JEC Report Highlights Economic Progress Made by Women in Past 25 Years
As the nation celebrates the 90th anniversary of women’s right to vote, theU.S. Congress Joint Economic Committee (JEC) released a new report today analyzing how women’s economic conditions have changed since Geraldine Ferraro shattered the political glass ceiling 25 years ago and ushered in a new era of political leadership for women.
The report finds that women, who now make up nearly half of the labor force, have made significant strides in the past quarter century and are poised to be the engine of economic growth as the United States recovers from the Great Recession. However, challenges remain for women, including a stubborn pay gap where the average full-time working woman earns 80 cents for every dollar earned by the average full-time working man.
“Women have come a long way since Geraldine Ferraro’s ground-breaking candidacy,” said Congresswoman Carolyn Maloney, Chair of the JEC. “This report shows that as women have gained political power, they’ve gained economic strength. Women work more, earn more, and are more educated than they were 25 years ago. But, women still earn less than men. In addition, women still shoulder most of the burden of care-giving responsibilities at home but families are still dependent on working wives’ incomes to make ends meet.”
The JEC report findings include:
Women’s Share of the Labor Force Has Increased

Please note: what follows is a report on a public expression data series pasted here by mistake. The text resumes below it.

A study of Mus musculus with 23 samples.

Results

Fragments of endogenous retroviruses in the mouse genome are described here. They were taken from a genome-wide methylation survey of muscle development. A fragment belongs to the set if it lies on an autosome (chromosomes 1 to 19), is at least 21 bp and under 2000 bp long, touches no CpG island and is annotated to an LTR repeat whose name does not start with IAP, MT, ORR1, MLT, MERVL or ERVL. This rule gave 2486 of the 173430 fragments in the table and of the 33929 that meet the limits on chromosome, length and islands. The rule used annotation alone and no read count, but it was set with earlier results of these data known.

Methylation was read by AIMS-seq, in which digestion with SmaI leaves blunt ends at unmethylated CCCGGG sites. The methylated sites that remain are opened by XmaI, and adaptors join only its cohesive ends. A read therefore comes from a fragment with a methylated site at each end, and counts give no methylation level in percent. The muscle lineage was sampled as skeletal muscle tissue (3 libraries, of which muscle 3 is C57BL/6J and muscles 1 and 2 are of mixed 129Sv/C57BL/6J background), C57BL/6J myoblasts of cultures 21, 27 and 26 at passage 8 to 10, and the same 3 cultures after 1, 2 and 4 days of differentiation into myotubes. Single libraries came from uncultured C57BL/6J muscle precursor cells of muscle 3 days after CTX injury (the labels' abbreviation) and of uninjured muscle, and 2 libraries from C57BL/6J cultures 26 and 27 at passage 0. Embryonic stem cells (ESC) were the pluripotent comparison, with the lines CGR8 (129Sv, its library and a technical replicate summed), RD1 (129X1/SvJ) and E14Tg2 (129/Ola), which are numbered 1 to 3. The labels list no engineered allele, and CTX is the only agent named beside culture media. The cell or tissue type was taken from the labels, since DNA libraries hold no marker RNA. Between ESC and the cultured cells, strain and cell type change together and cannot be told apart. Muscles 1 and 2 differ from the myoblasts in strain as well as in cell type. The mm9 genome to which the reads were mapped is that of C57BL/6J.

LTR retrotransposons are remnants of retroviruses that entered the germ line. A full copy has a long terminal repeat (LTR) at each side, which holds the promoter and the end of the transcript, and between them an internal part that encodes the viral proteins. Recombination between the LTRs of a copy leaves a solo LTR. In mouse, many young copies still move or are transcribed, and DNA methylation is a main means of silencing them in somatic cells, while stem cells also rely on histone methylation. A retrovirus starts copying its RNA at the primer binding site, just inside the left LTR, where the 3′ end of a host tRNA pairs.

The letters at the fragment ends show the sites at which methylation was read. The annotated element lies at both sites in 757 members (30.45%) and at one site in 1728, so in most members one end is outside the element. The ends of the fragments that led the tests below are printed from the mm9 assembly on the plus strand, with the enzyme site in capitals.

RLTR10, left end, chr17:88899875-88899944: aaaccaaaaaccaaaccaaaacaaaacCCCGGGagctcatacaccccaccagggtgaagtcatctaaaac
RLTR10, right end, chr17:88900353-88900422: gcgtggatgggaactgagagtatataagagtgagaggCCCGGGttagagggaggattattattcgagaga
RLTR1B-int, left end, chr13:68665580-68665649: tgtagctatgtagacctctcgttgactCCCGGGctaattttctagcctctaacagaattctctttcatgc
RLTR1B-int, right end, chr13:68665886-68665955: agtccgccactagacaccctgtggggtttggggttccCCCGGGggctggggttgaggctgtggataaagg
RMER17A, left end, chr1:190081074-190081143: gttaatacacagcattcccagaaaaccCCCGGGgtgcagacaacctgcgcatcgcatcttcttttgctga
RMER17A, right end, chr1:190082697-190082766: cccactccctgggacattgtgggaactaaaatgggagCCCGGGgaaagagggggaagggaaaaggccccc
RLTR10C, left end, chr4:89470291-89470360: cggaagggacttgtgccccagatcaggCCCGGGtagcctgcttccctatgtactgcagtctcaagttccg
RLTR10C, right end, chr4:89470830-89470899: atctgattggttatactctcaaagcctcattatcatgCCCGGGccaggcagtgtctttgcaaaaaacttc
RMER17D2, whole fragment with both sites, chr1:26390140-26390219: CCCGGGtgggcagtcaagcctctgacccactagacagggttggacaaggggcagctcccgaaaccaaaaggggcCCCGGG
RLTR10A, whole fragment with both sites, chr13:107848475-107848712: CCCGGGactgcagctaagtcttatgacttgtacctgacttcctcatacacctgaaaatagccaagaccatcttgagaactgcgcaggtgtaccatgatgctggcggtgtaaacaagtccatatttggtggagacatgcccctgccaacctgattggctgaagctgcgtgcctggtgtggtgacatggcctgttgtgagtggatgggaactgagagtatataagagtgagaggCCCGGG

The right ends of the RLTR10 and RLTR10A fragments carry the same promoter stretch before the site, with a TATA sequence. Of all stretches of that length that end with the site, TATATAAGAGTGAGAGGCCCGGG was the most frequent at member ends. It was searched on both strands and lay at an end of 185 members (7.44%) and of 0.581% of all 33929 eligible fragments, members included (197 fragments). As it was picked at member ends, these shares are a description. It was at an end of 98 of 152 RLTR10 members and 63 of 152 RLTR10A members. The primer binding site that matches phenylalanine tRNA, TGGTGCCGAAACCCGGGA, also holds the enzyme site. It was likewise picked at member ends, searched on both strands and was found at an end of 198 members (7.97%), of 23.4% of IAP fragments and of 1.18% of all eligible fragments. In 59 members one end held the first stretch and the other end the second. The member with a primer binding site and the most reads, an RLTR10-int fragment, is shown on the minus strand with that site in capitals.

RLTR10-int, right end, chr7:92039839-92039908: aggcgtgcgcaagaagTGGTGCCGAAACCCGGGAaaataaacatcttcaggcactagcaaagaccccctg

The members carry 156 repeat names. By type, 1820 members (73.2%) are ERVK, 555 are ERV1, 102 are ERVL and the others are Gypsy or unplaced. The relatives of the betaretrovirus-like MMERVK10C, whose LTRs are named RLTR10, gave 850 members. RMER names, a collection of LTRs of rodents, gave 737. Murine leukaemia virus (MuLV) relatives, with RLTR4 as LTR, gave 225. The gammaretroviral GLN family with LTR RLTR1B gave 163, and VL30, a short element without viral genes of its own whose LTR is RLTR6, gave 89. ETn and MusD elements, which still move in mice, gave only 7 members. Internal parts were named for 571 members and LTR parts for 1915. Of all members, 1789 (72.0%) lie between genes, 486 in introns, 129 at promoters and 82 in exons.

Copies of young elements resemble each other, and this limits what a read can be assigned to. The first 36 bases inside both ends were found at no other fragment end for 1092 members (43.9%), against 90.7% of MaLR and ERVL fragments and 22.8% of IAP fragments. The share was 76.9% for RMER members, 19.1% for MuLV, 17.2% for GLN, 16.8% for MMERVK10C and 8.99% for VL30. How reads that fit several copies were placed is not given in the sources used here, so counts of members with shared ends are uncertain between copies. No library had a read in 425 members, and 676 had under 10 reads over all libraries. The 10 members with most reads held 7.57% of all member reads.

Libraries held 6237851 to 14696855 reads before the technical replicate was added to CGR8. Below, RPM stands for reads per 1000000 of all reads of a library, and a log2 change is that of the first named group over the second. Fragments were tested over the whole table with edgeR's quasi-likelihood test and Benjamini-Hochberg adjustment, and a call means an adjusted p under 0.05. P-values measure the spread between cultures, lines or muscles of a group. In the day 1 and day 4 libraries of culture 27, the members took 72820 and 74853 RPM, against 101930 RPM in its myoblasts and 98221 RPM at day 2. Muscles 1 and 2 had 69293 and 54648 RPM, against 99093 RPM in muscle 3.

In 2009, 59.2 percent of women were in the labor force, up from 53.6 percent in 1984.
In 2009, women made up 49.8 percent of the workforce, up from 44 percent in 1984.
Women’s Educational Attainment Surpasses Men
In 2009, 87 percent of women had at least four years of high school education, compared to 73 percent in 1984. By contrast, in 2009, 86 percent of men had at least four years of high school education, compared to 74 percent in 1984.
Women’s Membership in Unions Has Grown
In 2008, women made up 45 percent of all union members, an increase from 34 percent in 1984.
Families Depend on Women’s Earnings
In 1983, wives’ incomes comprised just 29 percent of total family income. By 2008, wives’ incomes comprised 36 percent of family income.
Between 1983 and 2008, married couples with a working wife experienced average annual income growth of 1.12 percent, while married couples with a stay-at-home wife saw their average annual incomes decline by 0.22 percent per year.